Despite the fact that motor shows are a paradox – where technically cutting-edge and brilliantly designed machines which move us physically and emotionally are parked up in large, soulless indoor exhibition spaces – you can often tell as much about a car brand from its stand design and execution as you can from the models on display.
At the Geneva show Volvo demonstrated its brand transformation not so much in the Concept Estate car (despite the fact that it elicited more “I want one” comments than any other car at the event – yes, for a Volvo estate) as in the design and atmosphere of its stand.
After years of being sub-premium, a sort of no-man’s brand, the XC90 SUV gave it relevance once more, and the confidence to become not so much premium as Scadinavian. The brand now sits in its own space, transcending the stiff aspirational appeal of the big boys, and genuine practicality and cool Scandinavian design principles combine with a sense of enlightened independence to define the new Volvo.
This is now built into its crisply designed show stands not only through clean lines, neutral tones and contemporary materials, but by creating a guest area drawing its influences from a stylish Scandinavian home, with an informal mix of modern decor and design classics. items. The range of reference implies that the brand values are embedded in the culture of the business. So few brands do it.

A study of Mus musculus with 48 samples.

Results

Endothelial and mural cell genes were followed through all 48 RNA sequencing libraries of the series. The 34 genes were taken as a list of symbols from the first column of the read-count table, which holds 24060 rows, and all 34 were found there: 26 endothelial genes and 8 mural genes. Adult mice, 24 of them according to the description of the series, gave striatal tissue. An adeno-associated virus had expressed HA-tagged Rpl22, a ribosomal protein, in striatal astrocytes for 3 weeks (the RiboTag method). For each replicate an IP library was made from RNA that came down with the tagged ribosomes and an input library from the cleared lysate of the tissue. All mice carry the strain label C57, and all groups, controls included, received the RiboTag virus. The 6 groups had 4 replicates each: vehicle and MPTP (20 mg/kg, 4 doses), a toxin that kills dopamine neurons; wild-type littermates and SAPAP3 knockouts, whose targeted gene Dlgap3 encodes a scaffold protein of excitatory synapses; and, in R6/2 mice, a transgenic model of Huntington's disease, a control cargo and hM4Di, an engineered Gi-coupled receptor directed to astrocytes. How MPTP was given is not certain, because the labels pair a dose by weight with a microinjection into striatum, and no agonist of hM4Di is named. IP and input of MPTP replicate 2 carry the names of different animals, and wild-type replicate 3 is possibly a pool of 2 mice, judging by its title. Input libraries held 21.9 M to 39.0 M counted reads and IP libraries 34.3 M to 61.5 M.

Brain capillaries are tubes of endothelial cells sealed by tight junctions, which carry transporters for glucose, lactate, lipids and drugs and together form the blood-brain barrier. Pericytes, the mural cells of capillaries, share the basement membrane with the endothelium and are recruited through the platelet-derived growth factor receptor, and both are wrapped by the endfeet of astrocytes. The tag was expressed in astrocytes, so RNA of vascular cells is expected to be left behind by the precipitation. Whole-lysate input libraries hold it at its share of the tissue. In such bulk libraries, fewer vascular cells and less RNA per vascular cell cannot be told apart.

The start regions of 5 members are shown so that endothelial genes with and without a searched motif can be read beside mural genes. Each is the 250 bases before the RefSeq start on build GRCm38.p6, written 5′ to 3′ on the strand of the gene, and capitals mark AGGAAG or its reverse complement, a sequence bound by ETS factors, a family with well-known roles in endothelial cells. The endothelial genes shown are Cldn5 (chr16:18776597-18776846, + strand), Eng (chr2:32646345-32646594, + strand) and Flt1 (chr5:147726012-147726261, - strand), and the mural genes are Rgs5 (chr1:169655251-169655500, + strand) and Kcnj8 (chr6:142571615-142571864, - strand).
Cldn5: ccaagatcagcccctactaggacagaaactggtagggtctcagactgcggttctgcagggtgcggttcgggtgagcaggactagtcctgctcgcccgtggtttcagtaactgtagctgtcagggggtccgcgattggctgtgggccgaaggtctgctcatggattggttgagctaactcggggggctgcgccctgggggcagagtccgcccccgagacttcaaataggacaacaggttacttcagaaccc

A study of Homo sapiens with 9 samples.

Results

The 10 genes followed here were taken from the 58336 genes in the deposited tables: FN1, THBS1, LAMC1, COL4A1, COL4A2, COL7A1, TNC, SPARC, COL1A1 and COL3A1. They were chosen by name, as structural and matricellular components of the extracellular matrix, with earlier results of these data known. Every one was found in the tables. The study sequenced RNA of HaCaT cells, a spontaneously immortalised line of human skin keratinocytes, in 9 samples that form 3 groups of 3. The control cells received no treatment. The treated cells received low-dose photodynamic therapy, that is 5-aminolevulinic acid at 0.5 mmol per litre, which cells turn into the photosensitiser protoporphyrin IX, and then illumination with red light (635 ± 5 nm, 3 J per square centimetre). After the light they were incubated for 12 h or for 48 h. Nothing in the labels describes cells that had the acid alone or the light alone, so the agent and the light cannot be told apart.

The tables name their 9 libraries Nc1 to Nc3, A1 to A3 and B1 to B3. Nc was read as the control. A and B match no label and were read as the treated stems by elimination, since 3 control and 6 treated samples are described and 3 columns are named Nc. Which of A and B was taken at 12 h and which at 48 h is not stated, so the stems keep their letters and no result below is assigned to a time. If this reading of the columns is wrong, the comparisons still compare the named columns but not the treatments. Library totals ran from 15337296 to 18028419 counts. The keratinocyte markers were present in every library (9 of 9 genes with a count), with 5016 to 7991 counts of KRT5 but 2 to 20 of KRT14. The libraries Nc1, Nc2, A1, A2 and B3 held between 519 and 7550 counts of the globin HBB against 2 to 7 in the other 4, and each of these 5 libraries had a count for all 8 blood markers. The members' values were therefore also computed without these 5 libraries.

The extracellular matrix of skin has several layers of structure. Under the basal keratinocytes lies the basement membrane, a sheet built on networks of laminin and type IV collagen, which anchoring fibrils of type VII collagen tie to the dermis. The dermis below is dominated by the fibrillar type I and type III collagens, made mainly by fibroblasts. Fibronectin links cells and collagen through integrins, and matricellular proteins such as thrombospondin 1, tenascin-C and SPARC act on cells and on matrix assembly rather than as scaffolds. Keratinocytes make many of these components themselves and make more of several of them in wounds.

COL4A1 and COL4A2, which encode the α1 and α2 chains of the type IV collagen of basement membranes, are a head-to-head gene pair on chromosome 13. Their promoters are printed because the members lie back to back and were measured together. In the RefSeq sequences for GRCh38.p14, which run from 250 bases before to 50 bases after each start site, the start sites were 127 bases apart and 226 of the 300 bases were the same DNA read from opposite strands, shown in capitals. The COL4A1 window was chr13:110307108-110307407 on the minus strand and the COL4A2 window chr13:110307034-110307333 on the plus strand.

But the stand-out feature was that Volvo used Swedes to serve the coffees – not people hired in locally, not traditional motor show smile-and-move-on hospitality people; these were young, relaxed, confident men and women who didn’t talk to you about the company or its products, but talked to you as they would in a Stockholm bar or Apple outlet. It’s hardly radical – after all, a business’s culture should always start with the staff. But it’s human, and it’s real – exactly where Volvo should be. And it works.
It’s ironic that as Volvo has passed into Chinese ownership it’s rediscovered its inner Scandi. If Geneva was anything to go by, VW’s Spanish value brand SEAT is going the opposite way. Some desperate recent years saw SEAT slip from aspiring to be a Spanish Alfa Romeo to the bottom of the VW pile, way behind the ex-communist Skoda. It’s made losses of Euros 1.5 bn since 2005. But it persevered with its Spanish party-time image, and late on motor show press days would always bring out the tapas and Rioja and turn the music up. Club music, one time with Ibiza DJ and Cafe del Mar creator Jose Padilla on the decks, another time young F1 driver Jaime Algersuari. The rest of the VW brands could only look on jealously from their corporate car parks.
The stand party didn’t happen at Geneva 2014. The last 12 months has seen SEAT rebuild its sales, and its new Leon lower-medium car is being praised as a genuine alternative to the market leaders. European sales were up over 10% in 2013, including 22% growth in Germany. There’s a new boss, and he’s German. Things are looking good. But they’re also looking less Spanish, less distinctive, and every other brand out there has good products.
You hope that this is more down to VW’s group cost-cutting than a brand repositioning. Because buying habits are changing, and there won’t be enough room in the VW portfolio for four serious but identikit mainstream car brands indefinitely.